A restaurant owner who is under fire for offering a faith-based discount to customers says he doesn’t plan to discontinue it, despite receiving a complaint from the Freedom From Religion Foundation, a secular activist group.
Steven Rose, owner of Bailey’s Pizza in Searcy, Arkansas, told TheBlaze Wednesday that he posted a 10 percent discount on his restaurant’s Facebook page on July 19 for anyone who brought in a church bulletin. Not long after, he received a comment from a user named “Bong Hits for Jesus” that read, “Good luck on your discrimination lawsuit.”
“I didn’t give much credence to it,” he said of the comment, but the story doesn’t end there.
What followed was a letter postmarked July 30 from the Freedom From Religion Foundation, an organization located in Madison, Wisconsin, that called Rose’s discount an act of discrimination and a violation of the Civil Rights Act of 1964. An unnamed local resident who found the discount offensive reportedly alerted the group.
“The law requires places of public accommodation to offer their services to customers without regard to race, color, religion or national origin,” Elizabeth Cavell, an attorney who works for the atheist legal firm, told KTHV-TV.
But Rose, a Christian who recently opened Bailey’s Pizza July 1, said he firmly disagrees with this assessment, claiming that the discount was merely a “marketing tool” that enabled him to reach out to people of faith whom he associates with.
“I didn’t want to exclude anyone,” he said. “It was just like giving a discount to the Boy Scouts or the military and they made it an ugly thing.”
“It was like giving a discount to the Boy Scouts or the military and they made it an ugly thing.”
While the Freedom From Religion Foundation apparently wants Rose to discontinue the discount, he said he has no plans to comply and that a lawyer he consulted with said that the atheist group doesn’t “have a leg to stand on.”
“From their argument, if I’m giving a discount to the elderly, it’s agism. If I give one to police offers, I’m prejudiced against people who aren’t police officers,” Rose said.
The discount will remain in place unless a judge tells him he is violating the law. In that case, he said he would comply, but that he doesn’t believe he has violated any statutes.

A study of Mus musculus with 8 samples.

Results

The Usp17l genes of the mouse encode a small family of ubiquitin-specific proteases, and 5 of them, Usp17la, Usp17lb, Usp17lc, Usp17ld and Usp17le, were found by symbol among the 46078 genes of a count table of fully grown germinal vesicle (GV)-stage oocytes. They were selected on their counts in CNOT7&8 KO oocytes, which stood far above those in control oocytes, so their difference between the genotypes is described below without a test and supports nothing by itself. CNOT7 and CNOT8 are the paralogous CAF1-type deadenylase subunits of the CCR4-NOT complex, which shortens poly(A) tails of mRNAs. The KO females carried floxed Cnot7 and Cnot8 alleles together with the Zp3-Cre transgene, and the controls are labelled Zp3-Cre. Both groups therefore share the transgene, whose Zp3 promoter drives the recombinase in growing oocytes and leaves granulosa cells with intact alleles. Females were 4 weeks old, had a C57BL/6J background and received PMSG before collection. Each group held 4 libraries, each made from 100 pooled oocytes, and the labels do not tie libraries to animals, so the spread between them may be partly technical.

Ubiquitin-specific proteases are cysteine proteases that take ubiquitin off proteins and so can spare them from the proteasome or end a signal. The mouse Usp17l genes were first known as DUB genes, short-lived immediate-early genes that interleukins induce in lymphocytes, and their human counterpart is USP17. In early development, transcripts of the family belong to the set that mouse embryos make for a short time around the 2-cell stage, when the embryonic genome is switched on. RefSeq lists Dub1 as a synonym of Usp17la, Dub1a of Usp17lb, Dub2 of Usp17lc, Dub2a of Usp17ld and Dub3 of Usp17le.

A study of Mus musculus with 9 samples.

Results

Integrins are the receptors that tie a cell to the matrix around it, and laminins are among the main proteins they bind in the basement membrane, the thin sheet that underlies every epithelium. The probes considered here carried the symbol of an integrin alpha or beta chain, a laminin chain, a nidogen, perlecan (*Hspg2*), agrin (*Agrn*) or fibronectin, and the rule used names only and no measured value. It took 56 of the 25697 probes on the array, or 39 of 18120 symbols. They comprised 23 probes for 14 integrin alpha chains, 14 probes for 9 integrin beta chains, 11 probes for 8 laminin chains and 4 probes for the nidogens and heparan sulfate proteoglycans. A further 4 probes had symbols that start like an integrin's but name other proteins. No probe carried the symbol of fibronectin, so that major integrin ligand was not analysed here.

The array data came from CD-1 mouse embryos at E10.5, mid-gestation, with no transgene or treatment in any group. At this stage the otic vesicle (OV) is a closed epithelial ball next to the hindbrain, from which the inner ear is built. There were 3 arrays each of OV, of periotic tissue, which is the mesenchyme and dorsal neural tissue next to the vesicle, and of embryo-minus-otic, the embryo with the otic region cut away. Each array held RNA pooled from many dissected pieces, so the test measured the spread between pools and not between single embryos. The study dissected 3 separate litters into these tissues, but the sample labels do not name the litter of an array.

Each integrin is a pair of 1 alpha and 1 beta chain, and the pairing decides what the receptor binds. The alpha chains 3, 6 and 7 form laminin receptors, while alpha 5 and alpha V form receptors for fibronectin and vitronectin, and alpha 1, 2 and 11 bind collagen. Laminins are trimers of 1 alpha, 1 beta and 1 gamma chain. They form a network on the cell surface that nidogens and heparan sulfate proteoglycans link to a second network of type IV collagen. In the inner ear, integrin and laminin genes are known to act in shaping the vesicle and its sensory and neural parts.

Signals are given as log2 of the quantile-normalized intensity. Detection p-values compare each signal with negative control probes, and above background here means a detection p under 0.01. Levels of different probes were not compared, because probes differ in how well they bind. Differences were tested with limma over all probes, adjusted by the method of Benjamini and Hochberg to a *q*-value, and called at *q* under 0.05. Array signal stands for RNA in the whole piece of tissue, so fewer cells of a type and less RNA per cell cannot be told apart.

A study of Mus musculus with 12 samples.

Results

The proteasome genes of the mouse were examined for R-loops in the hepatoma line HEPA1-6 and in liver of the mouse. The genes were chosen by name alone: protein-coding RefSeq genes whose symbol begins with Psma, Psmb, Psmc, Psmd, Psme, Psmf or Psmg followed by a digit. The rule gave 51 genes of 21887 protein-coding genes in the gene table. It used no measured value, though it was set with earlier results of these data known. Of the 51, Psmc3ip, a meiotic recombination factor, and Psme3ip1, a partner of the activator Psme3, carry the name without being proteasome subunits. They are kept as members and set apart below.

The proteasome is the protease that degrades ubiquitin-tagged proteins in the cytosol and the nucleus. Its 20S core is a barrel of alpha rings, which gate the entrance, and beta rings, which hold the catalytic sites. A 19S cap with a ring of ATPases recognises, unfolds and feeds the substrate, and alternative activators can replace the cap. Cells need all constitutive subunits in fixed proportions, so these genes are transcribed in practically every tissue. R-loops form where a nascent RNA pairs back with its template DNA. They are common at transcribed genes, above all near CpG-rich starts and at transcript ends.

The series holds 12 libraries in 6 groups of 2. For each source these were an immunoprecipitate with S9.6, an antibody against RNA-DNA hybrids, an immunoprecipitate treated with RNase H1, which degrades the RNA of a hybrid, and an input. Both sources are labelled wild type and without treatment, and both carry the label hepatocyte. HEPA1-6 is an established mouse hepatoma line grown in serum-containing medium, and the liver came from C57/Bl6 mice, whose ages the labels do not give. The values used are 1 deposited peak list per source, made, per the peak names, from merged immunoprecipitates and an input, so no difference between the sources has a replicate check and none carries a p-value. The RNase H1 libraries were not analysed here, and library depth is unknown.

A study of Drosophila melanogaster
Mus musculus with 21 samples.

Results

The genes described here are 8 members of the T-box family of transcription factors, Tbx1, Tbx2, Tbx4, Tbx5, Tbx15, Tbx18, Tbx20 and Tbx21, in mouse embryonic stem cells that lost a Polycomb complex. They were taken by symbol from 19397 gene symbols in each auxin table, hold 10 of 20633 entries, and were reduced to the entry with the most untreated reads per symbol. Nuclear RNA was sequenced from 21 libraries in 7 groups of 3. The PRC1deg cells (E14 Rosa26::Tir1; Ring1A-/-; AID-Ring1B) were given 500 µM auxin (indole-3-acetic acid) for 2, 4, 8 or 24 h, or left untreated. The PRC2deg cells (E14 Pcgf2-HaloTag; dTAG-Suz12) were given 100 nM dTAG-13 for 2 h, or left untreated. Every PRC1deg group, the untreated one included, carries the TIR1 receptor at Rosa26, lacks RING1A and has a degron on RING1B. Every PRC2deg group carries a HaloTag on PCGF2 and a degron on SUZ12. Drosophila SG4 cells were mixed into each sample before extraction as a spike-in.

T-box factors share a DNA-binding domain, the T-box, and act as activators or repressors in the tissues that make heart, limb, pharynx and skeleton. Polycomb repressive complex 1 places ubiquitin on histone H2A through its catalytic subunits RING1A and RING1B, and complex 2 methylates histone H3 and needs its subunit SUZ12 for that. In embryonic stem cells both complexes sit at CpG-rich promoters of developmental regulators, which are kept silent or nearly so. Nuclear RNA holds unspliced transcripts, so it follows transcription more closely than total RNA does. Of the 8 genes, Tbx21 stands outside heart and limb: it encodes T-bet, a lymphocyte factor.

“Short of [a judge's ruling] there’s nothing that they’re going to say to me that makes me waver on what I believe,” Rose said.
He also made an important point about the faith-based discount: one doesn’t actually need to be a churchgoer to receive it.
“I didn’t say you had to go to church. I said come in with a church bulletin,” he said, noting that some churches publish their Sunday bulletins on their websites. “[Atheists] can download it and bring it in.”
The pizza shop owner told TheBlaze that, though the Freedom From Religion Foundation requested that he write a letter to explain how he plans to “remedy the problem,” he has no plans to offer an official response.
“I really wonder if this is the best use of their resources. What are they doing about ISIS, what are they doing about joblessness?,” he said. “My 45-cent discount — that’s a battle they should [wage]?
Rose said that he has been encouraged by the support he received in the wake of the complaint, noting that conservative legal firms have offered to help if needed.
He also noted that this isn’t the first time the Freedom From Religion Foundation has gone after targets in Searcy, a town of just 17,000 residents. Earlier this year, the group asked that a cross on display outside the local police department be removed. Rose also said the the organization went after the city council to try and halt public prayer back in 2010.
In a separate incident, the Freedom From Religion Foundation recently convinced Mary’s Gourmet Diner in Winston-Salem, North Carolina, to abandon its prayer discount after sending a similar letter to owner Mary Haglund.